With all of the options provided by streamlined manufacturing processes, online marketing, and overseas competition, figuring out the best guitar for a beginner tends to be a daunting process. Like so many things, the important thing is just sticking with the decision to do it! This article will address the most important elements to consider to avoid making the right choice: guitar type, price, and size. Also discussed are details to look for when you finally do find that first guitar. 


TYPE-The first point-possibly the most important- is the type of guitar. In order to properly select which type fits you, consider where you want to go with your musical pursuits. Though there are many variations of each, here are the most popular (and thus, most readily available to consumers.)

-Acoustic guitar (aka, box guitar, steel string). There are several body styles available; but far and away the most popular is called the "dreadnaught" body. This is known for its big, full sound. The biggest factor in sound is the wood or woods from which the guitar is made. Frequently, a pickup will be installed on this type, allowing it to be plugged into an amp or sound system, in which case, it is usually referred to as an acoustic/electric guitar. As with all the guitars mentioned in this article, you don't have to look far to find this type incorporated into music.  

-Electric guitar (aka, solid body guitar). There are many, many body styles of this popular guitar. In the interest of keeping this article fairly simple, just understand that the greatest determining factor of sound are the pickups (or electronics). Bear in mind also, in order to play an electric guitar with any practical volume, you will also need an amplifier, and a 1/4 inch instrument cable to connect the guitar to the amp. 

-Classical guitar (aka, Spanish guitar, nylon string guitar). Very similar to the acoustic guitar, this type is outfitted with nylon strings instead of phosphor bronze, giving it a very smooth, mellow sound. The classical guitar's sound is also determined by the wood used in building it, but has a slighty smaller body than the dreadnought, which results in a sonically different voicing.

-Bass guitar (pronounced: "base" guitar). This special type of guitar usually plays a supporting, but integral role in a band setting. It usually will have either 4 or 5 strings (although 6 string is not uncommon). In many cases, this instrument "bridges the gap" between the rhythm (drums) and the melodic instruments (guitars, keyboards, etc). Since it is built to access very low notes that fall below the range of the guitar, it is physically longer, and is outfitted with much thicker strings. 

Again, consider what your musical ambitions are. For example, if you're interested in playing country (or blues, or folk, etc) songs out on your front porch in the evenings, your best bet is an acoustic guitar. On the other hand, if you're interested in starting a punk rock band, you may find a use for an acoustic guitar at some point, but primarily, you'd  be better off with an electric guitar. Although it's not fair to limit each type to one musical genre or another, keep in mind that some guitar types are more easily applied to others.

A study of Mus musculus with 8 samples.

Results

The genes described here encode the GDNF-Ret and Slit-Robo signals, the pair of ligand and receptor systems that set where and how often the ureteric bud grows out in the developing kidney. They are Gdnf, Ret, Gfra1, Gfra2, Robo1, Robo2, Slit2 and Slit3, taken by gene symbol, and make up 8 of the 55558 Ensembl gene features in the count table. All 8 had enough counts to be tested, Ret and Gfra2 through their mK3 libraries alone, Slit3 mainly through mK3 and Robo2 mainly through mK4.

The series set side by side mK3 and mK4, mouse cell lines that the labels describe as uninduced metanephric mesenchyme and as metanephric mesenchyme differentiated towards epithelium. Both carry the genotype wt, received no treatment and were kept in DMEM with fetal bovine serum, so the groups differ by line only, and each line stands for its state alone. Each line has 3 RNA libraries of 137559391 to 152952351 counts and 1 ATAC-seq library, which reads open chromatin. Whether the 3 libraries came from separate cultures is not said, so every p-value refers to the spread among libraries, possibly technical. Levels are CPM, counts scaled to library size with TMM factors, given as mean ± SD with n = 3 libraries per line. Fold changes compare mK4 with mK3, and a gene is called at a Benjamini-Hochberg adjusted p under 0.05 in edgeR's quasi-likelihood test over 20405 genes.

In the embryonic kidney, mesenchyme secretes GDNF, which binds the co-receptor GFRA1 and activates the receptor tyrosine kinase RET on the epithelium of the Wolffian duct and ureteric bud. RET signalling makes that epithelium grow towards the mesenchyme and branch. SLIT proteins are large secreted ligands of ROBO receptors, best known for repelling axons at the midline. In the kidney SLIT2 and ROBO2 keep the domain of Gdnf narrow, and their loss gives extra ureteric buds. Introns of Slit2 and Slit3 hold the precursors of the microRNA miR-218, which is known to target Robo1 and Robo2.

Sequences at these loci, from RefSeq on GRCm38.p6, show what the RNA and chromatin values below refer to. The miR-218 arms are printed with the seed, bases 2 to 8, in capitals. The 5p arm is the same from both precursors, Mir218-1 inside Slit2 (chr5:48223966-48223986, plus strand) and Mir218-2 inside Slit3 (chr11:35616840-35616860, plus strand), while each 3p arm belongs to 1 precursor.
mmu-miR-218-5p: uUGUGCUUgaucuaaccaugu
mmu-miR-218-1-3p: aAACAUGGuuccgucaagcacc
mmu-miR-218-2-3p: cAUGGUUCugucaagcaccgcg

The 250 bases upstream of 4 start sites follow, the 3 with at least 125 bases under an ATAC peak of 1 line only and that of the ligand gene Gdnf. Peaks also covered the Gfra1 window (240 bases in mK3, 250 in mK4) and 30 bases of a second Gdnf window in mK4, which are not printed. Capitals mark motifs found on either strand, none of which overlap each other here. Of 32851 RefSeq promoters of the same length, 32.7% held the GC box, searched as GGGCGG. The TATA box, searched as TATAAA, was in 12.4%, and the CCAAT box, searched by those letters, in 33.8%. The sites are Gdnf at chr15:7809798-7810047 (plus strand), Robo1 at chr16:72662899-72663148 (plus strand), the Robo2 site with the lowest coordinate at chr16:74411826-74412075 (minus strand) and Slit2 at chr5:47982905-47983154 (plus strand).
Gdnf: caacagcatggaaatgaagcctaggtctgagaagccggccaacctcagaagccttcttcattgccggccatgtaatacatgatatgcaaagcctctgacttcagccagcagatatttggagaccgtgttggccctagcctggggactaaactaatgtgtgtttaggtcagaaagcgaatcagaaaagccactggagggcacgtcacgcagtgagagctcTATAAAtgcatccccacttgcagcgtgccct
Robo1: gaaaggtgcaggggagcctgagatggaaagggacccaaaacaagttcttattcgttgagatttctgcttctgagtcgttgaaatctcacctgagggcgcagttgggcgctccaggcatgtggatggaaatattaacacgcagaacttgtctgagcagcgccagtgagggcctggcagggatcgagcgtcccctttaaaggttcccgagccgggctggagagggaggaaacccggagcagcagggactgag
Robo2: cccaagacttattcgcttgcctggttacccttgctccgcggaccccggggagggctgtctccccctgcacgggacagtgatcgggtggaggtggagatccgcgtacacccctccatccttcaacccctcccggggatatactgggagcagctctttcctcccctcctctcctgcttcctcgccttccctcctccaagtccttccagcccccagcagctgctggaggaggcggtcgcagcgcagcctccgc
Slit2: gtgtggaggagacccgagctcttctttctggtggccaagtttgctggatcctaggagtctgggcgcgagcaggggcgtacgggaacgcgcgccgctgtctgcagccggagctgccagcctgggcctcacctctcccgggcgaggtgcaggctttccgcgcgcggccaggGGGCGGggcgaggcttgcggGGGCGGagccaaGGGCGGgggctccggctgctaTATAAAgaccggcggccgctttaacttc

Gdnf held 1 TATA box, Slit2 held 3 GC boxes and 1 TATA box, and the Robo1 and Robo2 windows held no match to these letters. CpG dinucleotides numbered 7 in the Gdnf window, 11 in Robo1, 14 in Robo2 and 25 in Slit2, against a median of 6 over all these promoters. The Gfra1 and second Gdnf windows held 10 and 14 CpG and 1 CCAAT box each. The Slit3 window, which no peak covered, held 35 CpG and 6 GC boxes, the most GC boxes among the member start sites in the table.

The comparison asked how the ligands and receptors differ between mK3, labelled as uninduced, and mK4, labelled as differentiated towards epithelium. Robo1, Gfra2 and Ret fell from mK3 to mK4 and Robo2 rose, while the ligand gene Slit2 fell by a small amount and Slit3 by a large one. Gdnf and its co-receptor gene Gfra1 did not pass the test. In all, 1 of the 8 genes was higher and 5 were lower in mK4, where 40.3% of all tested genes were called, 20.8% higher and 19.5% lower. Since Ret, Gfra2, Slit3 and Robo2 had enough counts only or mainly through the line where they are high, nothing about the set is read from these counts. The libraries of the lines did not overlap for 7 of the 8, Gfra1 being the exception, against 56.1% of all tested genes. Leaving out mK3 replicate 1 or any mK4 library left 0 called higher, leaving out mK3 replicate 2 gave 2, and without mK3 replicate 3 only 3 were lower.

PRICE- Second, consider how much your initial investment can be. One of the great things about the 21st century is the availability of quality musical instruments for a fraction of their cost 30, 20, and even 10 years ago. You will likely come across guitars selling for several thousands of dollars, but rest assured, those are not generally considered "entry level".  Notable mentions in the

Acoustic guitars: Walden (emphasis added) Natura series, Fender CD-60

Electric guitars: Squier, Epiphone, and ESP/ltd currently offer "starter packs" which include all the necessary peripherals for getting started. This applies also to bass guitars. 

Classical guitars: La Patrie "Etude", Walden Natura series, Fender


AGE- If you're considering purchasing for a child, every type of guitar mentioned is available in 3/4 size, and many in 1/2 size. Although these guitars can frequently be purchased for as low as $100 new (ie, Squier "Mini" Stratocaster), they are intended to be outgrown. Generally, players should be grown into a full sized guitar by age 13. As with all generalizations, there are exceptions; and as with many things in the musical instrument industry, much of it hinges on the player's preference. Many petite adult women, for example find that a "parlor sized" acoustic guitar is  ideal, given its smaller size and shallower body.


Once these concerns are addressed, there are some things to look for when you have selected a guitar. These are common flaws which you may ask your salesperson about, if you're buying from a retail store, and you should ABSOLUTELY ask about if you are buying a used guitar from a pawn shop or consignment shop. If ordering online, you may take the guitar to a local guitar shop for examination once you receive your instrument.

-Warped neck (all guitars)

-Cracked, checked, scratched finish (many scratches can be buffed out, don't be alarmed if there are a few!) 

-Sharp frets

-Splits in the body or neck

-Faulty electronics (Even in new electric guitars, this sometimes happens. Very often, the components can simply be cleaned.)

Keep these things in mind as you rule out what the best guitar option is.  Many opinions exist that this or that guitar is better than this or that other guitar, and although sometimes that may be true, it's important to remember that a tremendous part, especially as a beginner, is actually playing the instrument!